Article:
16 Jan 2013

Moto Guzzi California 1400

Angela Freeman takes a look at the new Moto Guzzi California 1400

‘The sense of adventure and luxury, in perfectly balanced harmony.’ So says the official Guzzi literature for the long awaited new California.... Which comes in two variations: Touring and Custom.

After decades of promises from the company of a new updated bike, it seems that the wait has actually been worth it – this could be the most important bike that Guzzi have made in years.

The Touring is the California in its most classic expression, thanks to a great level of comfort, aerodynamic protection and load capacity.
Equipped with “Patrol” windscreen, supplementary chrome-plated headlights, 35 litre panniers, engine and pannier guard kit, the Touring is able to trot along all day with great comfort and a soundtrack to match, being powered by the largest V-twin ever seen before in Europe.

Special attention has been given to the chromatic colour schemes: white with dark pinstripes on the tank, inspired by the California Highway Patrol versions, or classic black with white pinstripes, reminiscent of the original versions, such as the V7 and 850 California. The LED lights look amazing and the overall look is very classy with lashings of chrome wherever you look – not sure how it would fare after a couple of British winters though!

The clocks are neat, functional and easy to read, and well laid out; there are inklings of the parent company Aprilia there with some of the switches being raided from their parts bin, but that’s not a bad thing. Everything looks fresh and modern, not futuristic like a Victory but not as retro as a Harley Davidson.

It’s a very big machine, not only in width, due to the massive cylinder heads on the transverse 8 valve V-twin engine, but it’s also very long; only a couple of centimetres shorter than a Honda Goldwing in fact. Weight could be an issue for the smaller rider, as the Touring tips the scales at a whopping 337kg before you’ve loaded it with luggage. The Custom should be slightly lighter, but probably not by much once you’ve accessorised it!

Interestingly, the California has pretty good ground clearance, and plastic sliders fitted to the footboards; cue much fun on twisty routes and roundabouts.

The addition of radial Brembo brakes is the first for a cruiser of this type, and should do a good job of hauling its significant mass to a stop without too much trouble. The engine may only produce 95bhp, but there is bucket loads of torque available; which is what you need for long haul trips on motorways.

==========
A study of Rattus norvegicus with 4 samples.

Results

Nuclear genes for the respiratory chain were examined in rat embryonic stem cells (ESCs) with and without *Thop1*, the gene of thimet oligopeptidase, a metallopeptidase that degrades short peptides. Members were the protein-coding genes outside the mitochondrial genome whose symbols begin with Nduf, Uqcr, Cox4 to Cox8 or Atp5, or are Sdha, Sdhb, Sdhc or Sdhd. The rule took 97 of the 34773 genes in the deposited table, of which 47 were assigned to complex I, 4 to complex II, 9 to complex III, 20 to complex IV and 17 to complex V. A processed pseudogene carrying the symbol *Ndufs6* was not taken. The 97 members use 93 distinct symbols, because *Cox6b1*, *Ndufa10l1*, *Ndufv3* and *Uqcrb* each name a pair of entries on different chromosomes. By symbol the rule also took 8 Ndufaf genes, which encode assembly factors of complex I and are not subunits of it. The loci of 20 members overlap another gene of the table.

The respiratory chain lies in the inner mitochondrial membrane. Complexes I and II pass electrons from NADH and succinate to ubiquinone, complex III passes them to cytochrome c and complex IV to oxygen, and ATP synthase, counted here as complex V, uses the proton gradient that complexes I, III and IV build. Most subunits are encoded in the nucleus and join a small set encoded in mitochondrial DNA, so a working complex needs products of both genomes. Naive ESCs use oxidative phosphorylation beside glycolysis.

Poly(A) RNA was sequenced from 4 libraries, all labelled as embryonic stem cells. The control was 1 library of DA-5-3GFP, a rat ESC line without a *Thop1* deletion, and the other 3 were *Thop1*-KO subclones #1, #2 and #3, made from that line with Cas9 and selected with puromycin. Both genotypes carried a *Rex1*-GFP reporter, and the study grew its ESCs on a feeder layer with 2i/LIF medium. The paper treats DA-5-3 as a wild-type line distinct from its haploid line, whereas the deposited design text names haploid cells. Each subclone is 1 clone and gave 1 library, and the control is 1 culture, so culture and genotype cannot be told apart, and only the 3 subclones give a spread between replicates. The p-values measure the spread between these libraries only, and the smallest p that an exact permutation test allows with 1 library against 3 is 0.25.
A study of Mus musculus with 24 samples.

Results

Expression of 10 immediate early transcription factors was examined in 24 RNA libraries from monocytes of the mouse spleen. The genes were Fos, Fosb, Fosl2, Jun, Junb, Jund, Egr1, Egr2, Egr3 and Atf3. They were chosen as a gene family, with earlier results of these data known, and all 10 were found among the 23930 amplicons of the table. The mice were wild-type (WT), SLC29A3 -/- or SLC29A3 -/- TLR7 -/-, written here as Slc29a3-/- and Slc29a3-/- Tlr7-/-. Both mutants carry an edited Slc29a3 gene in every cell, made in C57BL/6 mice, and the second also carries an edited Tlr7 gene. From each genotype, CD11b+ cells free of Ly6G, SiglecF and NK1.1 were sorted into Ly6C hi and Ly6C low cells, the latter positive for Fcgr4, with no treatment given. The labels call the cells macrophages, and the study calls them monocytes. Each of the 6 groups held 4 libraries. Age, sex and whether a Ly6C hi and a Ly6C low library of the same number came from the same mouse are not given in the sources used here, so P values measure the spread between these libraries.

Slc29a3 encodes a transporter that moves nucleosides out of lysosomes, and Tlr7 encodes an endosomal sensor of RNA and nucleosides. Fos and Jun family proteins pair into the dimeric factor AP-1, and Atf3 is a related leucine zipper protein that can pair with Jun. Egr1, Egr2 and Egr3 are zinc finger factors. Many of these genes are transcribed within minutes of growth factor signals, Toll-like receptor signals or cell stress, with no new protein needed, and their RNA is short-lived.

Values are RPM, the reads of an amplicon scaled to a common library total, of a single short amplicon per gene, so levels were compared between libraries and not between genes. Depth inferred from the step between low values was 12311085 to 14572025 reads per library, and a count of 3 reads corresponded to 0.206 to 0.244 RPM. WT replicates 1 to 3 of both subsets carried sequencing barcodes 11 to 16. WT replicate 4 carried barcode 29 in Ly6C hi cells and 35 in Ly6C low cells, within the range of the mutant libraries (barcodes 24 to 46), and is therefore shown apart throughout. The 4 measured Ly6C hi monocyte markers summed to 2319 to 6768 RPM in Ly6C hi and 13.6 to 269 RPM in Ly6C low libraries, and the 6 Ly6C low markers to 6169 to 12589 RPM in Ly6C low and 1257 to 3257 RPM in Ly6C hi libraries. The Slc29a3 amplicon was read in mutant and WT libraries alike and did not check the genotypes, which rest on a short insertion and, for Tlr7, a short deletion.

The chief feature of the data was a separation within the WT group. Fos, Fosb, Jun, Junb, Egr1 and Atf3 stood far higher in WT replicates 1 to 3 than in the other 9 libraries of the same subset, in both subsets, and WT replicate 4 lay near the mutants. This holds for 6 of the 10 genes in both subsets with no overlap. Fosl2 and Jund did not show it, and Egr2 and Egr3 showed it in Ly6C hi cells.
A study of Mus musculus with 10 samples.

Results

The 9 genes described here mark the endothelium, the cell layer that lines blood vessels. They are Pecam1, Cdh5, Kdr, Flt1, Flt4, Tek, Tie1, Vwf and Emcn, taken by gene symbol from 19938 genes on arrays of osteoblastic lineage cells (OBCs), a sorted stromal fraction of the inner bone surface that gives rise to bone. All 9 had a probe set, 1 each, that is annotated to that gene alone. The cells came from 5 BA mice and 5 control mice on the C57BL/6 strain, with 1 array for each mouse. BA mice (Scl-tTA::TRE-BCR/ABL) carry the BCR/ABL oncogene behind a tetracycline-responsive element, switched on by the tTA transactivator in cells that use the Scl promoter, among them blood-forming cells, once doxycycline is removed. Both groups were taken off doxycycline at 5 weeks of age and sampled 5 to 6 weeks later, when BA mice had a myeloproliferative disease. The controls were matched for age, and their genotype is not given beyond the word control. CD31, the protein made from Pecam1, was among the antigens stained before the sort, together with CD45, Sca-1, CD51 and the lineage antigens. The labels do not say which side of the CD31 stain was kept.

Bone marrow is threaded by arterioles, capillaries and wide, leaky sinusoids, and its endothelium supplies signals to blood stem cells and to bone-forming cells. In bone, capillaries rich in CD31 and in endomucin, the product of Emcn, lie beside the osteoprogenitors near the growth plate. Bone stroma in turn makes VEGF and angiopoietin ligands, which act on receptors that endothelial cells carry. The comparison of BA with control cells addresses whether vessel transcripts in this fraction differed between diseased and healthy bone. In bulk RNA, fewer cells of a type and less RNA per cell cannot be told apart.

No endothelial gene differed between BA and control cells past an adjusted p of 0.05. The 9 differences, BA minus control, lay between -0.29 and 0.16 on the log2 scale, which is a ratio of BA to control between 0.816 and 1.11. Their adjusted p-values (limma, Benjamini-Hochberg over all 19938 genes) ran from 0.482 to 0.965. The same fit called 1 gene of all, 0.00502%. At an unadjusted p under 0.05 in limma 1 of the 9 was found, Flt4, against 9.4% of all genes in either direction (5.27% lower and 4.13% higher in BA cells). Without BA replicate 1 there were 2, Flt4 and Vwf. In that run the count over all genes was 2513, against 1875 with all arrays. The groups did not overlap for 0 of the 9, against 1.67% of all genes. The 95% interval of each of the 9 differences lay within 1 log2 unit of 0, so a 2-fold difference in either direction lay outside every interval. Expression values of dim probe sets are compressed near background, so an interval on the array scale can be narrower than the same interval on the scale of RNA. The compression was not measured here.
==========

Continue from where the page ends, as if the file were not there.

The sculpted fuel tank holds around 20 litres of fuel, and the beautiful stylish panniers hold 35 litres of luggage and are lockable too; but they are bolted on to the frame so aren’t easily removed, and reports suggest that they struggle to accommodate a crash helmet, which is a shame. The frame itself is a new double cradle steel item, and is now the stress member rather than the engine as per older models. The engine itself is rubber mounted to eliminate vibrations.

The California Custom is the naked, hardcore version of the Touring.

It certainly looks every inch the bad guy! This can be seen in the details, such as the two-seater saddle boasting an Eagle logo, the drag bar handlebars with light-weight supports and the original rear shock absorbers with external tank. The design is also subtle, with minimal graphics based on textured colours such as mercury grey and basalt black, and black lacquered wheels with red Moto Guzzi logo and black wing mirrors.

Once in the saddle, the differences compared to the Touring emerge: the sport saddle and drag bar handlebars provide a low slung and backward sitting position over the rear wheel which is actually pretty comfortable. The California Custom, like the Touring, has cruise control as standard, with MGCT traction control which can be set at three levels of intervention and, thanks to RidebyWire, it is also possible to adjust the engine response according to three modes, Turismo (Touring), Veloce (Sport) and Pioggia (Wet), respectively. The Custom isn’t available in the UK yet, but it looks amazing and would definitely not look out of place in a Bond movie!

And if the rider of the California can choose the character of their motorbike according to the type of route and use, they can also adapt it to their personality, drawing on the most extensive accessories catalogue ever produced by Moto Guzzi. High performance silencers, chrome-plated and machined components, saddles of all types and materials, as well as support and the App which turns an iPhone into a supplementary dashboard to obtain all kinds of information can be found here.

Pricing is not too bad, with the Touring coming in at £15,770 on the road here in the UK. That’s more expensive than the Japanese competition; the Kawasaki VN1700 costs approximately £13,500 – but it is cheaper than the US bikes; for example the Harley Road King starts at £17,400.

I hope Moto Guzzi sells plenty of these bikes, the revamp gives the California a new lease of life and it really deserves to do well. Bellissima!